In a telephone interview with NCR on Thursday, Marie Collins, Irish member of the Vatican sexual abuse commission who is also a survivor, has called on Pope Francis to remove Bishop Juan Barros Madrid, recently installed in extraordinary circumstances as head of the diocese of Osorno, Chile.
“As a survivor, I’m very surprised at the appointment in Chile because it seems to go against … what the Holy Father has been saying about not wanting anyone in positions of trust in the church who don’t have an absolutely 100 percent record of child protection,” said Collins.
Bishop Juan Barros Madrid was installed Saturday March 21st as head of the diocese of Osorno, amid protests in the cathedral. Chilean survivors accuse Barros of covering up abuse by Fr. Fernando Karadima, a once-renowned spiritual leader and key Chilean church figure who was found guilty by the Vatican in 2011 of sexually abusing minors, when Barros was a priest.
Click here to read full NCR report.
Click here for John Allen’s comment on this important matter: ‘Pope Francis may be nearing a tipping point on sexual abuse’.
Thank you Marie and Peter. All you ever are is true to yourselves and, by being so, you say what needs to be said. I feel so grateful that you are both in a position where your voices can be heard by many. Even if those who are SUPPOSED to be listening to you seem to be turning the deaf ear, I’m sure there are many, many people like me who thank God you are there and are saying it.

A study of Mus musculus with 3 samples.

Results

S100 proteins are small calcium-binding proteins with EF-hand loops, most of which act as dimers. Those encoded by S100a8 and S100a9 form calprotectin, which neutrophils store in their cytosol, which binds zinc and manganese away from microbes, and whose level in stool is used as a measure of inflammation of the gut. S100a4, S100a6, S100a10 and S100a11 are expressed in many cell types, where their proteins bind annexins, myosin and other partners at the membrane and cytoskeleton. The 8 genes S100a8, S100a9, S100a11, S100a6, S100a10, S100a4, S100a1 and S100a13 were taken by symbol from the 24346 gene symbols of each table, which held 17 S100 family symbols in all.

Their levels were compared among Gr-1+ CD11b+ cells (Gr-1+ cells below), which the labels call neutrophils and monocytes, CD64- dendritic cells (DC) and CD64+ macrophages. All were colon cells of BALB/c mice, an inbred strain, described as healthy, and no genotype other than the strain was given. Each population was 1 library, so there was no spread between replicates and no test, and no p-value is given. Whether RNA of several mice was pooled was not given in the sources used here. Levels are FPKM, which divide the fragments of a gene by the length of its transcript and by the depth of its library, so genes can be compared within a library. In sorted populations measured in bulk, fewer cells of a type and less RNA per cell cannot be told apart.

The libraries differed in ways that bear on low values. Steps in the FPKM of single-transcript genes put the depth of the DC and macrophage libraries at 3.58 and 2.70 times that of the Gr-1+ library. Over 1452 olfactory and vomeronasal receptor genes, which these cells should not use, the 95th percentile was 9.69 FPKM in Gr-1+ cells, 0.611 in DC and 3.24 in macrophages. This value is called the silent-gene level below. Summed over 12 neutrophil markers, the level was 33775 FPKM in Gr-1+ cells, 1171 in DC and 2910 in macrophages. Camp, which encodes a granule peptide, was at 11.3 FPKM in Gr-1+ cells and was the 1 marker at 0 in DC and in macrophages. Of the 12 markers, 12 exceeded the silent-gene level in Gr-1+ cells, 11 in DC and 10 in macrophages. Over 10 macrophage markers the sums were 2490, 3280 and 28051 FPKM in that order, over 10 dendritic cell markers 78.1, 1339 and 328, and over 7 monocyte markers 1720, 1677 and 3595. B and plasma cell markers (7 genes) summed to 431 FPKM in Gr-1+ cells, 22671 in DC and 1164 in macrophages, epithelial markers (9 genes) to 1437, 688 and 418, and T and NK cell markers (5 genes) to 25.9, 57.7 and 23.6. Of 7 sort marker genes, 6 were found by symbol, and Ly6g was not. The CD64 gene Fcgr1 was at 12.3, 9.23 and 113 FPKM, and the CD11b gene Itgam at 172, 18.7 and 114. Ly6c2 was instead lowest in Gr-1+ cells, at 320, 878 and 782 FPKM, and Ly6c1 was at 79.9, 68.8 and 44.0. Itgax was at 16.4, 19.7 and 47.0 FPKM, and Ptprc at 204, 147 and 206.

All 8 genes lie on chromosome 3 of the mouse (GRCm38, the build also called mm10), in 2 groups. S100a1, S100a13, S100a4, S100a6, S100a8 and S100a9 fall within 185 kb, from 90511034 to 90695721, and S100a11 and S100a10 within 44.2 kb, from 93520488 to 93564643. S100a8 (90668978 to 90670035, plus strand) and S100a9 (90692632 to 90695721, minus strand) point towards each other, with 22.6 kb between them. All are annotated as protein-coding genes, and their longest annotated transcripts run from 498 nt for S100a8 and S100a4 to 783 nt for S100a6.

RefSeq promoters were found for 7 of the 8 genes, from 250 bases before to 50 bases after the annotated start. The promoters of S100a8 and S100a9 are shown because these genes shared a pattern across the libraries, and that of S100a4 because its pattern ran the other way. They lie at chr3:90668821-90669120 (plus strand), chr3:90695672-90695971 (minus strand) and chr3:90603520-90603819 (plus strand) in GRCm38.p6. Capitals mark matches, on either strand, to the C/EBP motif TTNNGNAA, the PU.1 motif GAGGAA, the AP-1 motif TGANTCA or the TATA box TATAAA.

I hate to call in a favour but could someone “officially” ask on my behalf if the ACP/PI/AUSCP are going to officially announce their support to Marie and Peter. My goodness that would be a good thing, surely.
A recent interview with Marie Collins contains some very alarming facts:
…”Marie Collins criticized the Vatican for failing to adequately fund the panel — a failure she says could jeopardize the commission’s work.
She said that although the group is making progress — such as including a section on abuse prevention in a course for all new bishops — the current model of temporary funding was untenable.
“I personally find that inexplicable because I think that with the Church saying this issue is of the highest priority, this commission should have been properly funded from the beginning,” she said.
The commission has even been told to consider raising their own funds to complete the work.
“If the Church is saying that this is its highest priority, then they must be able to fund it and fund it properly,” she said. “If you’re not properly funded, if you’re not properly resourced, then you can’t do the work that you need to do.”
This is indeed troubling Soline – and reminds me that Ian Elliott has made a similar allegation in relation to the funding of the Irish Church’s child safeguarding body, the NBSCCC. Has it not sunk in yet with those in authority that to regain full trust they must dissolve all suspicion that they are playing a double game – to disable in private the agencies they establish to restore their public image?
How on earth could the Pope’s commission fund itself – by organising a lottery?
I remembered last night also that Cardinal George Pell is now in overall charge of finance at the Vatican – and that he has a dismal record of causing intense further suffering to abuse victims due to his prioritisation of the finances of the church above its obligations of justice. I would like to hear much more from Marie Collins on this vital matter.